Every year, thousands upon thousands of people take part in
clinical research studies
(A scientific study in people that helps to determine if and how a drug or treatment works.)
. Some of these studies need healthy volunteers and others need participants with a particular disease or condition. All participants are important because without them, the development of new medicines couldn’t continue.
All clinical trials have rules about who can participate, called Inclusion/Exclusion Criteria. Factors that allow someone to participate in a clinical trial are Inclusion Criteria. Those that disqualify someone from participating are called Exclusion Criteria. These criteria are based on things such as age, gender, the type and stage of a disease, previous treatment history, and other medical conditions.
Inclusion and Exclusion Criteria are developed with much thought and consideration. They are necessary to prove whether medicines work or not in a specific patient population and reduce risk by making sure the right participants enter the trial. These criteria are applied to all potential participants equally before they start the study.
How to choose a trial?
Every clinical research study is unique. Anyone interested in participating in a clinical study should know as much as possible about the study and feel comfortable asking the research team questions about the study, the related procedures, and any expenses.
Prior to meeting with the research coordinator or doctor, plan ahead and write down possible questions to ask. You may also wish to discuss this decision with your family, friends, or doctor. Feel free to bring a friend or relative with you for support and to hear the responses to your questions.
The following questions might be helpful during such a discussion:
What is the main purpose of this study?
Does the study involve a
(A substance that looks and tastes identical to the actual drug being studied, but does not contain active ingredients. Often called a ‘sugar pill.’)
or a treatment that is already on the market? What has been learned about the study medication and are any study results published?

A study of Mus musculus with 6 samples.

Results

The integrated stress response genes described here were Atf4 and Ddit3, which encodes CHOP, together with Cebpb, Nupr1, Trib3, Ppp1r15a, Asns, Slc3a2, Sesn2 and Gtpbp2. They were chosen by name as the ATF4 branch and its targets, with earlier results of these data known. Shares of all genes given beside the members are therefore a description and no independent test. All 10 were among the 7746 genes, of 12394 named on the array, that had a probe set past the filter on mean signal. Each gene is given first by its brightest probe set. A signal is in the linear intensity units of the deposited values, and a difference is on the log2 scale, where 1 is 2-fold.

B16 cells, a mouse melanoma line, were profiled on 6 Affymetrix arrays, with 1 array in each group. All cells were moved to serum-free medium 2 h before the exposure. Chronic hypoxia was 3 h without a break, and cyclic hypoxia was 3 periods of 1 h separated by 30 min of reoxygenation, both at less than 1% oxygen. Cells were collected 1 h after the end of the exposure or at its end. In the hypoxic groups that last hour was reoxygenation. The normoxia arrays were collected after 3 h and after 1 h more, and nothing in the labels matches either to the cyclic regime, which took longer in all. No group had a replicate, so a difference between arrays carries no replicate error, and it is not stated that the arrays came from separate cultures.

How long is the study going to last and what will I be asked to do as a participant?
Do I have to pay for any part of the study? Will my insurance cover these costs? Is there any reimbursement for travel costs or childcare?
Will I be able to see my own doctor?
Will I receive any follow-up care after the study has ended? If the study medication works for me, can I keep using it after the study?
Can anyone find out whether I’m participating in the clinical trial?
What will happen to my medical care if I stop participating in the study?
Does the physician/
(A medical professional, usually a doctor, who is responsible for the overall conduct of the clinical trial at his/her location.)
have any financial or special interest in the clinical study?
What are the credentials and research experience of the physician and study staff?
“My clinical trial experience showed me that there are people who paid attention in science class who are looking in test tubes and microscopes every day, and we all need to be grateful for that.”
“If the drug had worked, it would have helped me and other people…Less than one percent of people with Parkinson’s disease participate in clinical trials, but if nobody does it, we’ll never succeed. I really hoped it would work.”
“It was intimidating; before I started the test, the site staff gave me a whole list of potential side effects...What I’d say to anyone who is thinking about it is, ‘Educate yourself, educate yourself. Involve your family and friends in the decision.’”
“I felt that I was taking a more active role in my care. I also had more treatment options than the standard treatments. I felt that the trials might help with the future of others who may have the same disease.”
To improve your experience on Lilly TrialGuide, please use the latest version of Chrome, Firefox, Safari, or Internet Explorer, with Java Script enabled. This website is not optimized for your browser, as configured.